January 20, 1965
January 20, 1969
|Vice President:||John Kennedy|
|Preceded by:||Earl Warren|
|Succeeded by:||Nelson Rockefeller|
|United States Senator from Oregon|
January 3, 1945 – January 3, 1965
|Preceded by:||Rufus C. Holman|
|Succeeded by:||Bob Packwood|
|Born:||October 20, 1900|
|Died:||July 22, 1974 (aged 73)|
|Birth name:||Wayne Lyman Morse|
|Political party:||Republican (1945-1952)|
|Alma mater:||University of Wisconsin-Madison (B.A., M.A.)|
University of Minnesota Law School
Wayne Lyman Morse (October 20, 1900 – July 22, 1974) was an American politician, peace activist, and attorney who was the 36th President of the United States and a Senator from Oregon.
Morse, who began his career as a Republican before joining the Democratic Party, was notable for his unorthodox and independent views, in particular, his opposition to many of Thomas E. Dewey and Earl Warren's anticommunist proxy wars throughout the 1950s and early 1960s. It was this opposition, primarily, that spurred his party switch and subsequent presidential run in 1964, when a split Republican electorate led to his election.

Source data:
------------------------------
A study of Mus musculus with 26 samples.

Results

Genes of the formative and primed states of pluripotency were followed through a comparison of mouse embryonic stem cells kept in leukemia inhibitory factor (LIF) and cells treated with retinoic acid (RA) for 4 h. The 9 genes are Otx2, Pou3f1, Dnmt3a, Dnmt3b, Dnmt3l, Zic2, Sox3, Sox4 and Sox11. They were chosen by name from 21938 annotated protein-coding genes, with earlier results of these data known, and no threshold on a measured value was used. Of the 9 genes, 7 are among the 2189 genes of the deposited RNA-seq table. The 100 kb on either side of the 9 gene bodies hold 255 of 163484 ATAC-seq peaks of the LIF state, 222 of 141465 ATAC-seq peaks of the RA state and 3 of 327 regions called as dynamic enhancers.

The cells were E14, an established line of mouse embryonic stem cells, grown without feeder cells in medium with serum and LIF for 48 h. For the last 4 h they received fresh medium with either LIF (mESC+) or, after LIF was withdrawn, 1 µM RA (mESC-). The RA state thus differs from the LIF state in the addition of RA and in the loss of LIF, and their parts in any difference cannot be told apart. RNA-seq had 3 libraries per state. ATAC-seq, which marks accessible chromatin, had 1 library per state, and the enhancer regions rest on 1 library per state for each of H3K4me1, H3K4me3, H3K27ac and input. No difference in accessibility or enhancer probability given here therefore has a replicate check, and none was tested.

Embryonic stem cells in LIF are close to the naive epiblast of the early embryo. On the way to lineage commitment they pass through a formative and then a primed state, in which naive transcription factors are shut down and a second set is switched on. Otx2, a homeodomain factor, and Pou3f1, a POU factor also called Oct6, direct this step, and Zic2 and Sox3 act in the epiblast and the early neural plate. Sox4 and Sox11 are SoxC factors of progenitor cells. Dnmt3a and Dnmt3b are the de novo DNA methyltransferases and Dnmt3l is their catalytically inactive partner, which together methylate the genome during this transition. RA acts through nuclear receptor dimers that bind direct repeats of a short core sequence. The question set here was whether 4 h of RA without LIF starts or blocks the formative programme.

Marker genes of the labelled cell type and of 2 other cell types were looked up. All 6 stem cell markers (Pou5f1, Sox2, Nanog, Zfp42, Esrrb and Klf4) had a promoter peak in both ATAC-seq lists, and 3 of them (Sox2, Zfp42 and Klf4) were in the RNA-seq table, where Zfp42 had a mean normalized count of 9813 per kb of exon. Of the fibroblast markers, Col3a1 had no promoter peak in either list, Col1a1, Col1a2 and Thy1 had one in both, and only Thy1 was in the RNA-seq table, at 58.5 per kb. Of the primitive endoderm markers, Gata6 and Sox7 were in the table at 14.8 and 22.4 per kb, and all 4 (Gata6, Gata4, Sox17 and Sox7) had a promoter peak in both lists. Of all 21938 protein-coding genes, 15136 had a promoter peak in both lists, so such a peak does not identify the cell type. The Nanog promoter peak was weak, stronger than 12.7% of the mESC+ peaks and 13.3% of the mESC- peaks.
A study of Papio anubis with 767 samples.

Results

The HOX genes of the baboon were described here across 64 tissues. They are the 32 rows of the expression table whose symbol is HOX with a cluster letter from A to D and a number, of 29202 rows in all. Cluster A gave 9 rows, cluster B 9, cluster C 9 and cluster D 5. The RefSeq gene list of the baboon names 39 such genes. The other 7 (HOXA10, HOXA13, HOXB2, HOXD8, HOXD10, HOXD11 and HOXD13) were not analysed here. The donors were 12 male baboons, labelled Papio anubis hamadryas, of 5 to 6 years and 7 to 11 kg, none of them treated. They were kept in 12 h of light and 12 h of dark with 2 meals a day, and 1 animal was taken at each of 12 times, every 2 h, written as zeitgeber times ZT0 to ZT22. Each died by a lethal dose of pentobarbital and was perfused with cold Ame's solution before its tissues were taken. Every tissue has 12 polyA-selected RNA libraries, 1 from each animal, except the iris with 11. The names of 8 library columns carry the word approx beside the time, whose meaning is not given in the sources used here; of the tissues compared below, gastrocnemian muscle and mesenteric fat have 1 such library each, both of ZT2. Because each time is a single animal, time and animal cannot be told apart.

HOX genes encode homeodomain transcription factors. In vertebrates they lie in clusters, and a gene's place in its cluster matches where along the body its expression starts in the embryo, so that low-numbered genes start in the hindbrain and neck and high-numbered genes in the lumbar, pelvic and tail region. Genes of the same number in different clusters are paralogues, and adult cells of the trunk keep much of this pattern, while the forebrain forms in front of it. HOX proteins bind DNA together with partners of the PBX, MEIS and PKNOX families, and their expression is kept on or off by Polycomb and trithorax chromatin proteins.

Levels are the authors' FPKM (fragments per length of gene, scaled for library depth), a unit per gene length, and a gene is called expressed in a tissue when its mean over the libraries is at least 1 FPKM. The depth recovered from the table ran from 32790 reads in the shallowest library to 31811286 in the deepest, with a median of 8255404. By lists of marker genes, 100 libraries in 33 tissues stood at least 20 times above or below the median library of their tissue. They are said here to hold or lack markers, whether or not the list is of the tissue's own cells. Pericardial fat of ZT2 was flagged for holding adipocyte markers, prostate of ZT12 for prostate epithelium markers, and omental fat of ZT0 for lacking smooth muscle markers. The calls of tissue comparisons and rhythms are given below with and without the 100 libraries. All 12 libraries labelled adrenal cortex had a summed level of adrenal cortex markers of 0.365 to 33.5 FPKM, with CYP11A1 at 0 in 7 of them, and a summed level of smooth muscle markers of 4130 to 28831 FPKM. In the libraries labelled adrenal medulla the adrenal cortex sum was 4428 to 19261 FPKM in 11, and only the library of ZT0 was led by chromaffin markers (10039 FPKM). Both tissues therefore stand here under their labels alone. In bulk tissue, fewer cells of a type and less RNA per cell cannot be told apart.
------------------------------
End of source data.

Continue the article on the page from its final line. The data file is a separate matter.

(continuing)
Morse's presidency, despite its roots in foreign policy, is defined most by its civil rights triumphs. Vice President John Kennedy was a staunch supporter of civil rights, and he was able to help Morse pass the Civil Rights Act of 1966, which single handedly helped undo a century of racial bias.
A mixture of white backlash against the Civil Rights Act, and a general discomfort with the increased complacency of the Morse administration, led to Nelson Rockefeller's election in 1968, after which Morse left elected office entirely.
Throughout the early 1970s, Morse became an increasing opponent of Muskie's Vietnam War, and was a mentor to liberal Republicans like Lowell Weicker and young Democrats like Al Gore, Jr. in equal measure, before he passed away in 1974.